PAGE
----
Not only can renewable energy have a positive effect on the environment, it can also help cut down on your energy bills. Despite more countries around the world starting to realise the importance of reducing carbon emissions, for many people it’s a brand new concept and it can be difficult to know where to start. If you want to find out more about the many benefits it can provide, here’s how to use renewable energy in your home.

Solar panels

Solar panels are probably the easiest place to start as they are a method many people are already aware of. In most cases, they are installed on top of the roof of a property, although if you have the space they can also be positioned in the garden. The amount of energy they can produce will depend on the orientation of the panels and your latitude (distance from the sun). 

Raising the cash

If you want to become greener you may need to find an extra source of income to pay for the conversion. One route worth investigating is to take out a quick loan that can provide the cash you need to use renewable energy in your home. You won’t be required to pay it all back in one lump sum, so you can stagger the payments, making it much easier to manage. Before agreeing to any loan, ensure the lender is FCA registered and that you can afford the repayments without defaulting.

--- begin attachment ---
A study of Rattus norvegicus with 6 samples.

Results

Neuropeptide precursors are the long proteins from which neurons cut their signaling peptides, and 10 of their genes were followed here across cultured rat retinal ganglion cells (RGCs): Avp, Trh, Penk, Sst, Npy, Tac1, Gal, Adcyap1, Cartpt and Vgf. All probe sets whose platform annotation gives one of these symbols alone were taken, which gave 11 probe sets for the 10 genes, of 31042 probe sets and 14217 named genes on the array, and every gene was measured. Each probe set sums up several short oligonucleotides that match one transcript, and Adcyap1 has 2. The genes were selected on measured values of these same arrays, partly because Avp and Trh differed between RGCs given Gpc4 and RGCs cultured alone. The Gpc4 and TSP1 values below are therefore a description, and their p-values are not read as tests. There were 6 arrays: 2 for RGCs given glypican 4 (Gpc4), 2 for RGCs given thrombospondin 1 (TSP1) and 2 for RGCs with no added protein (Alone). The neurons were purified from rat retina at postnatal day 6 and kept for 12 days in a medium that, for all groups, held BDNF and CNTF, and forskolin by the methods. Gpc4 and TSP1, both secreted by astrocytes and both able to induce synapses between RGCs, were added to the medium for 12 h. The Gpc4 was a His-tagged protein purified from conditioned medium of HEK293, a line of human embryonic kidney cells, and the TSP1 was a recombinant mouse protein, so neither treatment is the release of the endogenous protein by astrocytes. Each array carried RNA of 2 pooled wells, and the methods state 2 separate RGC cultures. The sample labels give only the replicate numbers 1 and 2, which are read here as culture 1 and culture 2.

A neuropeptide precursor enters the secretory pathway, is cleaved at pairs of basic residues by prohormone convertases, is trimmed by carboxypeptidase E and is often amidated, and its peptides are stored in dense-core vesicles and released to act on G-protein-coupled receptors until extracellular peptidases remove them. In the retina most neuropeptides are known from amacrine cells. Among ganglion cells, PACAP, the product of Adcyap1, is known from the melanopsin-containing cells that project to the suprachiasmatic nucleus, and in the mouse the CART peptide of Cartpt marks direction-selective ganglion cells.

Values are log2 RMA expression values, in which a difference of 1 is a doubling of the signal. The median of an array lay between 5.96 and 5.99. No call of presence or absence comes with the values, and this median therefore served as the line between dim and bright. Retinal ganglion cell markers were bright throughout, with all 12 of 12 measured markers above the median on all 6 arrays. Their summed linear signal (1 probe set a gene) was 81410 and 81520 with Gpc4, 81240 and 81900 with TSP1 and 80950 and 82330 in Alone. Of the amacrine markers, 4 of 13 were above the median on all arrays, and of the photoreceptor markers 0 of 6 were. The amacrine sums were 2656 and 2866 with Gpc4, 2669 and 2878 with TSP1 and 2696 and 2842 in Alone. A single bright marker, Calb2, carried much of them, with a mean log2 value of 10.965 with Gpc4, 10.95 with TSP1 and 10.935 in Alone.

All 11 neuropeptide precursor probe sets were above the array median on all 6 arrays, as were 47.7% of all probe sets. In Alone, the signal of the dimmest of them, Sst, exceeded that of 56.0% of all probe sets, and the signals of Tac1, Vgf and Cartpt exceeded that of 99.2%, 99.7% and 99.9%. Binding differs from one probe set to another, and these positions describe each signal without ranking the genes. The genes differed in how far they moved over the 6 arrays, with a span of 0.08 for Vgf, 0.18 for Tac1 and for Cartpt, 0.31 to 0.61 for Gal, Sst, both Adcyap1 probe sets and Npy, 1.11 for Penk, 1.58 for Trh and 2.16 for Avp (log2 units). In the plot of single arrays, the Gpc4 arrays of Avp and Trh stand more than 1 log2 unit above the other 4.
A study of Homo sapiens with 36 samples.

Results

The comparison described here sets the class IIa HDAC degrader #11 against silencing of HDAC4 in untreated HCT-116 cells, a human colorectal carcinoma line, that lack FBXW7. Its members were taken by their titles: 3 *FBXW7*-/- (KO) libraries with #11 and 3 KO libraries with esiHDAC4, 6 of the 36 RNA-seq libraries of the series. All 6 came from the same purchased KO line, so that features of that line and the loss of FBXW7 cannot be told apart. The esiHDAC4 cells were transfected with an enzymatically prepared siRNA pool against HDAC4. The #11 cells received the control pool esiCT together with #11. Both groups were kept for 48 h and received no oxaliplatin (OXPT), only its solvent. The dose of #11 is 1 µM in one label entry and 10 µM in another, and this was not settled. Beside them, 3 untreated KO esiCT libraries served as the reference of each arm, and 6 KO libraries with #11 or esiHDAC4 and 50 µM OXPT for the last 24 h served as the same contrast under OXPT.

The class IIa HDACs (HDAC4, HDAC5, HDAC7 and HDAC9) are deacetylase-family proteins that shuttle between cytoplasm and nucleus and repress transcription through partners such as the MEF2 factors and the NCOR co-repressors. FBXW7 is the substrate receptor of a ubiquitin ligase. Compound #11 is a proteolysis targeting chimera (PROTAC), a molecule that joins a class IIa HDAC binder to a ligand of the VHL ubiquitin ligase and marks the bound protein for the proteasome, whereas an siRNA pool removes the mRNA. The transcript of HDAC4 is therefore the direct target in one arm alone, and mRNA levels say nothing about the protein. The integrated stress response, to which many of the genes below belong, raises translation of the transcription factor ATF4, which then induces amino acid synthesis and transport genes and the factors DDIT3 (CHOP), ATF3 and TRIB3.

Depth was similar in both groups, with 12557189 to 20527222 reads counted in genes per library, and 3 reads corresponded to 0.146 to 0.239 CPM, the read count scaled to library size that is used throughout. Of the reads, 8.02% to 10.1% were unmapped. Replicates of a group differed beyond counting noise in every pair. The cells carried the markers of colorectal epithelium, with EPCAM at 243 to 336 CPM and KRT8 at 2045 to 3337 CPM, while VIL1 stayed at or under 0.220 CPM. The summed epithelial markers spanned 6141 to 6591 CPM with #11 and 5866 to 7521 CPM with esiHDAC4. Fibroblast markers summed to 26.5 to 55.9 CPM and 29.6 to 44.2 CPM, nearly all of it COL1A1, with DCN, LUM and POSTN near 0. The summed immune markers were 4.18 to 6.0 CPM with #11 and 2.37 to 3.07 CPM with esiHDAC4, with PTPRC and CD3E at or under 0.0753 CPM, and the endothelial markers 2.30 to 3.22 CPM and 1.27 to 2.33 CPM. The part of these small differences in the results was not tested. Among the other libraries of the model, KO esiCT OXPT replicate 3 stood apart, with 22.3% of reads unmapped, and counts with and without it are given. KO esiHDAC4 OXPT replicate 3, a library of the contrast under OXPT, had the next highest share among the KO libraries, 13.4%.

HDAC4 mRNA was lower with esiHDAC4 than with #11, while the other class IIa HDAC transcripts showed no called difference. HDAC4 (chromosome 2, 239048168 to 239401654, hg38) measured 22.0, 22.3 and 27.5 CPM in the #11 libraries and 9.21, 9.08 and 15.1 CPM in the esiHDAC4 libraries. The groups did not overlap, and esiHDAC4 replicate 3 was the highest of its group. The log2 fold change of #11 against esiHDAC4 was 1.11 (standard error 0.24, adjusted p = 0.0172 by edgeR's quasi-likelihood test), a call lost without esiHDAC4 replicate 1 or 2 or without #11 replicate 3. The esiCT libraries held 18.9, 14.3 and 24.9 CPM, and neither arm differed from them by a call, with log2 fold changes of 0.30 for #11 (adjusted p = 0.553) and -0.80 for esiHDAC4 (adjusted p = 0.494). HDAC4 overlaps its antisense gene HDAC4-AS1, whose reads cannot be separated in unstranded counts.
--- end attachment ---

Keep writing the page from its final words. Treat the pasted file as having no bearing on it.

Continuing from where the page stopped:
Solar water heating

One of the reasons why solar power is so popular is due to its versatility. For example, as well as generating electricity it can also be used to heat your home. A reserve of water is warmed by the solar heaters before being pumped into your heating system to warm the water and heat up the radiators. Not only is it easier to install than solar panels, but it also ensures you cut down on electricity and gas bills in the process.

Wind Turbines

You may already be aware that large wind turbines are commonly used in windfarms, along the coastline and positioned offshore. However, homeowners can also install smaller versions on their property to be used as a long-term source of energy. While they aren’t as subtle as solar panels and require more space, it offers more stability and may be able to take care of all – or most – of your electricity requirements.

Solar ovens

If going fully renewable seems like too big of a task, then you can start much smaller. Solar ovens rely on heat from the sun to heat your food, while cutting back on the large amounts of electricity conventional ovens use. While it may not be a year-round option for those in the UK due to the unpredictable weather, even buying or building one of your own for use during the summer will have a positive effect on the environment.

Biomass

This is a relatively new way to produce eco-friendly fuel for the home. It is derived from organic waste such as manure, agricultural waste, scrap lumber and similar items. In most cases, much of this kind of waste usually ends up in landfills or burnt on open fires, but instead it can be put to good use to lower heating costs while also producing far less emissions in comparison to fossil fuel.